Beginning in the 1990s, the U.S. Public Health Service and the Centers for Disease Control and Prevention (CDC) began recommending that all women of childbearing age take 400 micrograms of folic acid each day, which prevents neural tube defects. These conditions include anencephaly and spina bifida, which are defects of the brain and spinal cord. In 1998, folic acid was added to the grain supply, and since this addition, the U.S. has noted a 26% decrease in neural tube defects.
According to new research, folic acid taken before and during pregnancy could possibly lower the risk for autism. Folic acid is the synthetic form of folate, which is a B vitamin that plays a role in the production of new cells during pregnancy. Folic acid is necessary for production of RNA and DNA, to metabolize homocysteine, and to make healthy red blood cells.
Autism spectrum disorder (ASD) is a developmental disability that affects the child’s ability to communicate and interact with other children and adults. ASD is a spectrum condition that is defined by a set of behaviors that affects people differently. A single cause for autism has not been identified, but increased awareness about the disorder have brought awareness to the problem. This condition is associated with narrow, intense interests, problems with reasoning and planning, poor motor skills, and sensory sensitivities.
In 2015, the CDC reported that the prevalence rate of autism in the U.S. rose to 1 in every 68 births, which is nearly twice the 2004 rate of 1 in 125. Of these 68 children, 54 of those affected are boys. The cost for caring for a child with ASD is around $2.4 million, including insurance, non-covered expenses, education, housing, and transportation.
The Research Studies
In a recent study conducted at the Norwegian Institute of Public Health, Dr. Suren and associates investigated the link between folic acid and conception as well as the reduction in the risk of autism in offspring. The study involved more than 85,000 children born between 2002 and 2008. The results showed that 0.32% of the children (270 total) were diagnosed with autism at some point, with 114 having autistic disorder, 56 having Asperger’s syndrome, and 100 having non-specified autistic disorder. The study showed a lower rate of autism in children whose mothers took folic acid supplementation than those who did not take folic acid.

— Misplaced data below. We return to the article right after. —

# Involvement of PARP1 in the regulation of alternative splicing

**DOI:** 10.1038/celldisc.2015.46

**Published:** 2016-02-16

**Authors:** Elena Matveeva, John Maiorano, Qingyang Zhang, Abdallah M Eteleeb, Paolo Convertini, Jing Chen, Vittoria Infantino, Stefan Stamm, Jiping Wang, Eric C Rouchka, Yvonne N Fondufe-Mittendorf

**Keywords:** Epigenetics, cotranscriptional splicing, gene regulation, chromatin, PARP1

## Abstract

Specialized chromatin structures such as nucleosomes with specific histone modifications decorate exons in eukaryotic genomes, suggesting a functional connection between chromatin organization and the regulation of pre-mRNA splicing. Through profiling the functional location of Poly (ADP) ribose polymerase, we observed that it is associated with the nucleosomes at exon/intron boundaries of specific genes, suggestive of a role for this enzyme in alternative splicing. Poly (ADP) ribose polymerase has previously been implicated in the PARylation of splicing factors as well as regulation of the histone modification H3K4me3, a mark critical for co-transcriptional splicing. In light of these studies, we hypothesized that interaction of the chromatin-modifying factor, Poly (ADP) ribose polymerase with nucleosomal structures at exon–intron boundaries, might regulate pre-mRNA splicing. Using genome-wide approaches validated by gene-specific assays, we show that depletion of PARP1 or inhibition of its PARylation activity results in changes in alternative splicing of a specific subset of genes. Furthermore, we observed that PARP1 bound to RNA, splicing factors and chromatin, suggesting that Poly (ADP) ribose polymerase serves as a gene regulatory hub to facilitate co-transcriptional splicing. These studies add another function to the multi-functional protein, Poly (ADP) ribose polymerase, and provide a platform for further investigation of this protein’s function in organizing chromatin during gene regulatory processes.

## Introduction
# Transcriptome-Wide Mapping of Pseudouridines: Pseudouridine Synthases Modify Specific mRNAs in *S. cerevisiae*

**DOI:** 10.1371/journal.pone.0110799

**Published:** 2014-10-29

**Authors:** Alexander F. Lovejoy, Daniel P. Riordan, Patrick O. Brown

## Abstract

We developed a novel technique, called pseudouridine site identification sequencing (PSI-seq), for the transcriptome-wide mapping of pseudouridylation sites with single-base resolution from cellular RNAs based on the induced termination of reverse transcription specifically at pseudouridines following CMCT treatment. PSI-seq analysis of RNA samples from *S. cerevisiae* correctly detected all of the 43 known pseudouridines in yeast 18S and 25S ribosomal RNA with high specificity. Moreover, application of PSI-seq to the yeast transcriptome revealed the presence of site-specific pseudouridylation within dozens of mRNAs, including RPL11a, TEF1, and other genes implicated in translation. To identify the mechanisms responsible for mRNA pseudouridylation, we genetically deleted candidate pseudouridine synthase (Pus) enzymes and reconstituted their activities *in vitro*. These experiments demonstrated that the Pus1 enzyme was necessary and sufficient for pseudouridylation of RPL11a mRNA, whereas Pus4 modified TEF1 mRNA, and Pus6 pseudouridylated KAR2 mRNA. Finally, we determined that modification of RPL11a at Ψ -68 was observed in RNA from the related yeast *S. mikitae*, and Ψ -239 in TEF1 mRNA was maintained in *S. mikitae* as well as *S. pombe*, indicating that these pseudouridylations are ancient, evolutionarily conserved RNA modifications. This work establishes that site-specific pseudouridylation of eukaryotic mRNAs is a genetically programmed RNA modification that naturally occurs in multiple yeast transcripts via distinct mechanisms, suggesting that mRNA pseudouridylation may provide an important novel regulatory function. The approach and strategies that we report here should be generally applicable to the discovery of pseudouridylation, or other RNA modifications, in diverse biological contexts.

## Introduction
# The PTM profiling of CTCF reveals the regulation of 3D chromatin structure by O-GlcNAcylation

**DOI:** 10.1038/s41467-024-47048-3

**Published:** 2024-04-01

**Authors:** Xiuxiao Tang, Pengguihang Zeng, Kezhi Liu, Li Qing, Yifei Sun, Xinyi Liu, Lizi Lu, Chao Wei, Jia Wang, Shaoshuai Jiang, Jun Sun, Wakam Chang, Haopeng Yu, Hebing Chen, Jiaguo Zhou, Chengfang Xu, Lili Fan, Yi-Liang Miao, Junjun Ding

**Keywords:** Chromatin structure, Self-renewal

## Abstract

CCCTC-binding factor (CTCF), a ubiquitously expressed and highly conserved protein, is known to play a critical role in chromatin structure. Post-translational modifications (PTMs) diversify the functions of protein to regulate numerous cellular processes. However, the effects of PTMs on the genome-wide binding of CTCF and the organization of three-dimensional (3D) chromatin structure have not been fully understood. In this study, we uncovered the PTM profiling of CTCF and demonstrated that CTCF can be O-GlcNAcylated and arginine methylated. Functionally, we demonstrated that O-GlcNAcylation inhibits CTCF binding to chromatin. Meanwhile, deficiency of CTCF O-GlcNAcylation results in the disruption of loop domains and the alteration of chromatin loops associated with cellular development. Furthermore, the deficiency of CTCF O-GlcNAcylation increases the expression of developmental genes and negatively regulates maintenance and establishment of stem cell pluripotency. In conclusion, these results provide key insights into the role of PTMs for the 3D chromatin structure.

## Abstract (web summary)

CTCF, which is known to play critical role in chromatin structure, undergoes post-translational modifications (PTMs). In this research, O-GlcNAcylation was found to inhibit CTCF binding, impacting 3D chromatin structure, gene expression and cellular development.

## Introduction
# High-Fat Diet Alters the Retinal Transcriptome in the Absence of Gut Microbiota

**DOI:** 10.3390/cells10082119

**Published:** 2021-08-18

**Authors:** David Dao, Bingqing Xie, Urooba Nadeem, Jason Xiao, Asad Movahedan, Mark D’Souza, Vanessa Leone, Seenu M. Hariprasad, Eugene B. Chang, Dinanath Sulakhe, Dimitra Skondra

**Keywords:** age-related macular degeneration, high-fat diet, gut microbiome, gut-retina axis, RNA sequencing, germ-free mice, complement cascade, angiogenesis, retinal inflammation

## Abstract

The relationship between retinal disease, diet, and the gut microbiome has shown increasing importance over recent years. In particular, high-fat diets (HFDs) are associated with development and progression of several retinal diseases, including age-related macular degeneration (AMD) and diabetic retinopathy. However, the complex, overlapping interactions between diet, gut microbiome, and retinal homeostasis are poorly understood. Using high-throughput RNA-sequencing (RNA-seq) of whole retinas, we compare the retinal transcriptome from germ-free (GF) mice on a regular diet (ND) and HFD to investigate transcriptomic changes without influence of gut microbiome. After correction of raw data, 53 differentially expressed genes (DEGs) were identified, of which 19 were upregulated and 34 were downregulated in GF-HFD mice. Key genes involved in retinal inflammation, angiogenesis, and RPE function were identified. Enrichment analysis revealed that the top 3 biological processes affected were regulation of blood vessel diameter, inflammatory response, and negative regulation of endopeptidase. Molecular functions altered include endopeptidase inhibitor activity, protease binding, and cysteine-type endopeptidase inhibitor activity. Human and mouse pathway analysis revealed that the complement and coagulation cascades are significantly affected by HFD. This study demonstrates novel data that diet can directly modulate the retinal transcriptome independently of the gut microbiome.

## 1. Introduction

Similar results have been seen in other studies. A study from the U.C. Davis MIND Institute found that that folic acid supplements taken during the first month of pregnancy reduced the risk of autism in the children. The findings did not establish a cause-effect relationship between folic acid and autism, but they show a need for replicating these studies to investigate the biological mechanisms and genetic factors that could show an association.
In a 2011 California-based study, researchers found that mothers of children with autism did not take prenatal vitamins during the first three months of pregnancy. This suggested that periconceptional use of prenatal vitamins may reduce the risk for autism. Each prenatal vitamin contains 400-800 micrograms of folic acid.
However, folic acid is no magic pill. Autism affects many children born in the United States, so many parents are concerned about the implications of this disease. These studies show that folic acid supplementation is a low-risk option for people seeking to lower their child’s risk for developing this disease. Taking folic acid during the earliest stages of pregnancy may lower the child’s odds of autism by around 40%, according to research. But lowering the odds does not eliminate the chances of conceiving a child with autism altogether.